HDMI is a one-cable way to connect high-definition AV components and is currently the most common connection method used on Blu-ray players, AV receivers, cable/satellite set-top boxes, gaming consoles, and video displays such as plasma/LCD TVs and front projectors. HDMI can pass high-definition video and high-resolution, multichannel audio (including the DTS Master Audio and Dolby True HD soundtracks found on many Blu-ray discs) over a single cable, providing an easy, uncluttered way to connect your devices.
HDMI has been through many upgrades in its lifetime. You can read about previous versions through the HDMI Wikipedia page or at HDMI.org. The current spec, officially announced in 2017, is HDMI 2.1, which increases bandwidth up to 48 Gbps and supports the passage of a 4K/Ultra HD resolution at up to 120 frames per second and resolutions up to 10K (10,420 x 4,320) with transmission compresion. Other enhancements in the 2.1 spec include support for variable refresh rate, quick frame transport (for reduced latency), quick media switching, and some technologies – like Enhanced Audio Return Channel and Auto Low Latency Mode – which were added to HDMI 2.0 devices before HDMI 2.1 hardware was available. HDMI 2.1 is now appearing on the new crop of 8K TVs and will be the connection format of choice for upcoming video game consoles like the PlayStation 5 and Xbox Series X.
Speaking of cables, HDMI Licensing, LLC has defined six different types of HDMI cables; officially licensed HDMI cables should clearly identify their type on the packaging to help you select the kind you need:
Standard HDMI Cable with Ethernet: offers the same baseline performance as the Standard HDMI Cable with an additional, dedicated data channel, known as the HDMI Ethernet Channel, for device networking.
Standard Automotive HDMI Cable: supports up to 720p/1080i. Since an automotive system may be wired with one or more internal relays that can affect signal strength, the Standard Automotive HDMI Cable needs to send a stronger signal than other cables types, so it is tested to higher performance standards.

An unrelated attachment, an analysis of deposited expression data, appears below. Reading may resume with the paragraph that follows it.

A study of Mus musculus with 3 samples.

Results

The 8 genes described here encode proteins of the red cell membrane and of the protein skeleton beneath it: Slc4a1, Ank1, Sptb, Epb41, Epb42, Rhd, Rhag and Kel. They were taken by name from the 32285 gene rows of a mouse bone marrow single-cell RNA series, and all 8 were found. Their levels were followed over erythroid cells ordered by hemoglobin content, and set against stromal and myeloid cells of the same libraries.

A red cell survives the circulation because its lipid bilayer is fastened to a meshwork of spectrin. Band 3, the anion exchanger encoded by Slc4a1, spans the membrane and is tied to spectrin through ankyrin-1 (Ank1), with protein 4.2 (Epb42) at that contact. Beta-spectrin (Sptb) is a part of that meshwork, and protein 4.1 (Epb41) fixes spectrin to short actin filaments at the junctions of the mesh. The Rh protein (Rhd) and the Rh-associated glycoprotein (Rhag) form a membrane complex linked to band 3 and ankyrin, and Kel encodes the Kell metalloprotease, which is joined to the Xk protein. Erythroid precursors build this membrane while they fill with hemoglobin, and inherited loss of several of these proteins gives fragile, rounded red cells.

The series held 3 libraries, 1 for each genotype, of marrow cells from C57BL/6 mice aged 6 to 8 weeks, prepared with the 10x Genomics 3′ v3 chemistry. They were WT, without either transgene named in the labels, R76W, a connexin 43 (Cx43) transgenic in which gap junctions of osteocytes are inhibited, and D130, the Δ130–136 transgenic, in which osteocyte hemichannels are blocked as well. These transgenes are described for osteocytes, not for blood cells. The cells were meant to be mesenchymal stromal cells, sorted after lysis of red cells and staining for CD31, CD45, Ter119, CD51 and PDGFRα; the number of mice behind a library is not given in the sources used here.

High Speed HDMI Cable: tested to handle video resolutions of 1080p and beyond, including 4K, 3D, and Deep Color. This type of cable is recommended for use with a 1080p Blu-ray player or gaming console, as well as new Ultra HD gear.
High Speed HDMI Cable with Ethernet: offers the same baseline performance as the High Speed HDMI Cable with an additional, dedicated data channel, known as the HDMI Ethernet Channel, for device networking.
Ultra High Speed HDMI Cable: supports increased bandwidth up to 48 Gbps and transmission of 4K 8K video signals, as well as new features such as eARC and Variable Refresh Rate.
While HDMI is a very convenient way to connect devices, the technology is not problem-free. HDMI employs HDCP copy protection to protect the digital information transferred between devices; the connected devices must establish HDCP authentication in order to transmit the signal, which is sometimes called the HDCP handshake. If the handshake is unsuccessful, you may see a blue or otherwise discolored image, or you may just see snow on the screen. Handshake issues are less common than they were in the early days of HDMI, but they still occur. To re-establish the HDCP handshake between two devices, you can try disconnecting and reconnecting the HDMI cable at each end and/or powering down the components and restarting.
HDMI can also be less reliable over long runs. If your AV gear sits only a few feet away from your TV, then a basic, inexpensive HDMI cable will likely do the job just fine. However, if you need to run HDMI across the room to a projector or through walls to an equipment room, then you'll probably need to step up to a well-built active HDMI cable that boosts the signal to extend the range, up to about 100 feet. RedMere is one chipset used in some active HDMI cables. For even longer runs, consider an HDMI Extender Kit from a company like Gefen, Atlona, or WireWorld that can send the signal over CAT5/6, coaxial, or fiberoptic cable.